Systematic coronary angiography in certain patients linked to improved long-term outcomes

THURSDAY, Sept. 3 (HealthDay News) -- Routine coronary angiography may improve long-term outcomes in certain patients undergoing surgery for peripheral arterial disease, according to research published in the Sept. 8 issue of the Journal of the American College of Cardiology.

Mario Monaco, M.D., of the Istituto Clinico Pineta Grande in Castelvolturno, Italy, and colleagues analyzed data from 208 patients who were scheduled for elective surgery for major vascular disease. Patients had a revised cardiac risk index of two or greater and were randomized to a group that received coronary angiography based on noninvasive tests, or to a group in which patients systematically had preoperative coronary angiography. Patients were followed for at least three years for major adverse cardiovascular events.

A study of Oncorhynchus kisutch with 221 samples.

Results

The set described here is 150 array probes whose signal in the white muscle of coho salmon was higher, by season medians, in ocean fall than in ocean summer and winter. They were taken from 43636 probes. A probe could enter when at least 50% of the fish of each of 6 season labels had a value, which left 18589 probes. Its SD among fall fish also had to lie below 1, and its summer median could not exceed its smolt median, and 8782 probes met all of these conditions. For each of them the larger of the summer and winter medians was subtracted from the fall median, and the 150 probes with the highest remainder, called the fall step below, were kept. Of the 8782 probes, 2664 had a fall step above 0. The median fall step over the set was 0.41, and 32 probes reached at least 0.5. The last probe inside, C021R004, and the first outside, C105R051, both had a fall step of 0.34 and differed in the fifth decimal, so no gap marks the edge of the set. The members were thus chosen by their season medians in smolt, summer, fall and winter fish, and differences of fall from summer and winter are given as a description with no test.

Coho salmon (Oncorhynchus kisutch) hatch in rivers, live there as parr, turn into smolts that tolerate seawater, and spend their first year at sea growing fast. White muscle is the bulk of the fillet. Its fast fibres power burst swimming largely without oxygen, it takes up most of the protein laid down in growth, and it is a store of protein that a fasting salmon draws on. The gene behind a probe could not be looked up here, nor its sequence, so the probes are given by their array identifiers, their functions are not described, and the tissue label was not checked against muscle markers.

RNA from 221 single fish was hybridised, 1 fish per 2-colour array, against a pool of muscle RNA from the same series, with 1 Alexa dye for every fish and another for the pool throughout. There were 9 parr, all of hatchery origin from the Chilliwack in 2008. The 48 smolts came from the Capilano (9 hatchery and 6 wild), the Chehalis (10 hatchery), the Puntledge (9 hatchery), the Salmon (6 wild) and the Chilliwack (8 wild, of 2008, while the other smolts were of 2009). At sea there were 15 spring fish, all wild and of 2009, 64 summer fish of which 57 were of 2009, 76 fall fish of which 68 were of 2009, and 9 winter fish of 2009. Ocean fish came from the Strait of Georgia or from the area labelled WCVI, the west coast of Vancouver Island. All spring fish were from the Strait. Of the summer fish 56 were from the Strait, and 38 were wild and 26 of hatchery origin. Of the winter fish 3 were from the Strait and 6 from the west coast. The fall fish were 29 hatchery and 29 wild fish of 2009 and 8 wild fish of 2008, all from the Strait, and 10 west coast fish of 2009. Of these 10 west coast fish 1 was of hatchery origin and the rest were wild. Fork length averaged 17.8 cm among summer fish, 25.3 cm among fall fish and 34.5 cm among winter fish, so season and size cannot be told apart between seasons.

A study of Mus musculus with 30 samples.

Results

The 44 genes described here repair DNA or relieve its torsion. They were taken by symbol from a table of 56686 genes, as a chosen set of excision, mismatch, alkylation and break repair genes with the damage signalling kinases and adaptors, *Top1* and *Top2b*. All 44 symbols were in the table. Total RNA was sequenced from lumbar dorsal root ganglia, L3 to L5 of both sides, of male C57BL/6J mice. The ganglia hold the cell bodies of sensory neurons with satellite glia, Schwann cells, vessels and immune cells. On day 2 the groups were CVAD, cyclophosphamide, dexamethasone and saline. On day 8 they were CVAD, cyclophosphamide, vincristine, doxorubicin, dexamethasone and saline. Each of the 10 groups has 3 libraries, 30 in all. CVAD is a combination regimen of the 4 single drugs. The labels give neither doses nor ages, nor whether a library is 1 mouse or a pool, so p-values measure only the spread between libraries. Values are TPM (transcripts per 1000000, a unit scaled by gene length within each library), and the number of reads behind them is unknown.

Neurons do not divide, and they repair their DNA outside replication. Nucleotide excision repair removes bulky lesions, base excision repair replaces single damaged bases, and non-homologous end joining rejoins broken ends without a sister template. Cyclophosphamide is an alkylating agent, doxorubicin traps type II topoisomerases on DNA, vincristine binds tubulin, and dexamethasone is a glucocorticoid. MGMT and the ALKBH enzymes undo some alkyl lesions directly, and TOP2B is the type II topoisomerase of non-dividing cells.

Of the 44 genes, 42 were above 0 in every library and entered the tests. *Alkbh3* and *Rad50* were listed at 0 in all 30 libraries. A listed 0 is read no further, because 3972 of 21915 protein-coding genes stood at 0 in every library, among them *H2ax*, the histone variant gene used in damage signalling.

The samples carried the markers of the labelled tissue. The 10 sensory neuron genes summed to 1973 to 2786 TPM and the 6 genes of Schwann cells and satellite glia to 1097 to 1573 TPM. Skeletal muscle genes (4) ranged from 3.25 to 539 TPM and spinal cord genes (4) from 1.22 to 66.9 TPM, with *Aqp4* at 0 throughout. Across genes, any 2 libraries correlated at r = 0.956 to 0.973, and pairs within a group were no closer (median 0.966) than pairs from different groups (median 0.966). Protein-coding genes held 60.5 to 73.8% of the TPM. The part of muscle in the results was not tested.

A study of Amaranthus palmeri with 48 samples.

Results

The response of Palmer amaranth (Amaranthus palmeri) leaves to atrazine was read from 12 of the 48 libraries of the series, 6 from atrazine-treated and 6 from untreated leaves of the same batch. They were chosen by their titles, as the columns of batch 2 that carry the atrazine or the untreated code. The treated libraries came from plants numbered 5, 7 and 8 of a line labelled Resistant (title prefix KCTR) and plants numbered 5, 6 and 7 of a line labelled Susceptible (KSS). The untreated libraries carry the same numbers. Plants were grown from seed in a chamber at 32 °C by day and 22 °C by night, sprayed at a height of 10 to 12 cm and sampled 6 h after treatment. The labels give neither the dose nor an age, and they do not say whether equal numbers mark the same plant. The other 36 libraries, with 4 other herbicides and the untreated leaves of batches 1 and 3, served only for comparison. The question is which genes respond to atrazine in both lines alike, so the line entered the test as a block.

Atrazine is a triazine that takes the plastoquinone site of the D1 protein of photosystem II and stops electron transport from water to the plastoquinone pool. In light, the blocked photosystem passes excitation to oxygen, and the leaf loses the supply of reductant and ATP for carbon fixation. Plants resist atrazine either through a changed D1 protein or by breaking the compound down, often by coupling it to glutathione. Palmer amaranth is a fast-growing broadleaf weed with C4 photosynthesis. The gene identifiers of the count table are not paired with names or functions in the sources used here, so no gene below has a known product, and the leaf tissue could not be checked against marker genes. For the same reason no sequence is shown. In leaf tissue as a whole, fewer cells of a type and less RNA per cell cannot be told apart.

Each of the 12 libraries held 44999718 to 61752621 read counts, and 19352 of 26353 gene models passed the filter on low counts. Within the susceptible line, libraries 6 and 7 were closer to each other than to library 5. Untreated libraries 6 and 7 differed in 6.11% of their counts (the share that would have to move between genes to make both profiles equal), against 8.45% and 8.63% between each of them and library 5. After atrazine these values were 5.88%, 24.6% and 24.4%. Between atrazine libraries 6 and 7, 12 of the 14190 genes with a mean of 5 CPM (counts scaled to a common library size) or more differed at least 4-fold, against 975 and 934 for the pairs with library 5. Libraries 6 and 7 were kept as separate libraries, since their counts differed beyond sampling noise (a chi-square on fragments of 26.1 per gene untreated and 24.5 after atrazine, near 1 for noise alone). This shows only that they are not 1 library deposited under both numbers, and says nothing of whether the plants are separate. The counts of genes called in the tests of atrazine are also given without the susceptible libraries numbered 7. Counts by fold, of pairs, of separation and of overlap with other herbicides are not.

The researchers found that the latter group had a higher myocardial revascularization rate (58.1 versus 40.1 percent). This group also had better survival at 58 months of follow-up and freedom from death/cardiovascular events, but did not have a significantly lower rate of in-hospital major adverse cardiovascular events.

"Patients at medium-high risk of cardiovascular events scheduled to undergo major vascular surgery, and in whom coronary angiography was systematically performed as part of their preoperative workup, scored significantly better than patients in whom coronary angiography was selectively performed only on the basis of positive noninvasive tests. Our data indicate that the advantages of such a systematic approach may significantly offset its disadvantages," the authors write.